USING THE SUBSTRING TEXT FUNCTIONS
The following functions locate and return portions of a text string or assemble larger strings
from smaller ones: FIND, SEARCH, RIGHT, LEFT, MID, SUBSTITUTE, REPLACE, and
The FIND and SEARCH Functions
You use the FIND and SEARCH functions to locate the position of a substring within a
string. Both functions return the position in the string of the character you specify. (Excel
counts blank spaces and punctuation marks as characters.)
These two functions work the
same way, except FIND is case sensitive and SEARCH allows wildcards. Both functions take
the same arguments: (find_text, within_text, start_num). The optional start_num argument
is helpful when within_text contains more than one occurrence of find_text.
If you omit
start_num, Excel reports the first match it locates. For example, to locate the p in the string "A
Night At The Opera", you would type the formula =FIND("p", "A Night At The Opera"). The
formula returns 17, because p is the seventeenth character in the string.
If you’re not sure of the character sequence you’re searching for, you can use the SEARCH
function and include wildcards in your find_text string. Suppose you’ve used the names
Smith and Smyth in your worksheet. To determine whether either name is in cell A1, type the
formula =SEARCH("Sm?th", A1). If cell A1 contains the text John Smith or John Smyth, the
SEARCH function returns the value 6—the starting point of the string Sm?th.
If you’re not sure of the number of characters, use the * wildcard. For example, to find the
position of Allan or Alan within the text (if any) stored in cell A1, type the formula
The RIGHT and LEFT Functions
The RIGHT function returns the rightmost series of characters from a specified string; the
LEFT function returns the leftmost series of characters. These functions take the same arguments:
(text, num_chars). The num_chars argument indicates the number of characters to
extract from the text argument.
These functions count blank spaces in the text argument as characters; if text contains leading
or trailing blank characters, you might want to use a TRIM function within the RIGHT
or LEFT function to ensure the expected result. For example, suppose you type "This is a test"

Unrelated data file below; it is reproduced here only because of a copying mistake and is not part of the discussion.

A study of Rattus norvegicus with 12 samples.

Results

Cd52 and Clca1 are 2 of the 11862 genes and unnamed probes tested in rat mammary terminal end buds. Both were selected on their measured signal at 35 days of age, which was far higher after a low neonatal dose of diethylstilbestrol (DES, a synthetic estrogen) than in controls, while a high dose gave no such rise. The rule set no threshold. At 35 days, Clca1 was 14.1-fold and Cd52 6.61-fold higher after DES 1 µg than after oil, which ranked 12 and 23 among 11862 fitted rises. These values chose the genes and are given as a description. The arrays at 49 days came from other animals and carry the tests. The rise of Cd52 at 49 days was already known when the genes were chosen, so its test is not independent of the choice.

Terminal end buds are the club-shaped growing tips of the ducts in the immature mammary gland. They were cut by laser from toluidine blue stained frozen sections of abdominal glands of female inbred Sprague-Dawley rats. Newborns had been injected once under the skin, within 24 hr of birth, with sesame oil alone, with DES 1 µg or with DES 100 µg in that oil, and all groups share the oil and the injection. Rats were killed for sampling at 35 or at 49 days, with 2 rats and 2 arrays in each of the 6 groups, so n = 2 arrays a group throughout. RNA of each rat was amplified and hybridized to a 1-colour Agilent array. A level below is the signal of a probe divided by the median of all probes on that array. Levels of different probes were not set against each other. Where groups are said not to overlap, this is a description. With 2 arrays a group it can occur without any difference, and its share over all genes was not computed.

in cell A1 of your worksheet. The formula =RIGHT(A1,4) returns the word test.
The MID Function
You can use the MID function to extract a series of characters from a text string. This function
takes the arguments (text, start_num, num_chars). For example, if cell A1 contains the
text "This Is A Long Text Entry", you can type the formula =MID(A1, 11, 9) to extract the characters
"Long Text" from the entry in cell A1.
The REPLACE and SUBSTITUTE Functions
The REPLACE and SUBSTITUTE functions substitute new text for old text. The REPLACE
function replaces one string of characters with another string of characters and takes the
arguments (old_text, start_num, num_chars, new_text). Suppose cell A1 contains the text
"Eric Miller, CEO". To replace the first four characters with the string Geof, type the formula
=REPLACE(A1, 1, 4, "Geof"). The result is Geof Miller, CEO.
With the SUBSTITUTE function, you specify the text to replace. The function takes the
arguments (text, old_text, new_text, instance_num). Suppose cell A1 contains the text
"Mandy" and you want to place it in cell A2 but change it to Randy. Type this formula in cell
The instance_num argument optionally replaces only the specified occurrence of
old_text. For example, if cell A1 contains the text "through the hoop," the 4 in the formula
=SUBSTITUTE(A1, "h", "l", 4) tells Excel to substitute an l for the fourth h found in cell A1.
If you don’t include instance_num, Excel changes all occurrences of old_text to new_text.
The CONCATENATE Function
To assemble strings from up to 30 smaller strings or references, the CONCATENATE function
is the function equivalent of the & character. For example, if cell B4 contains the text
"Pacific" with a trailing space character, the formula =CONCATENATE(B4, "Musical Instruments")
returns "Pacific Musical Instruments".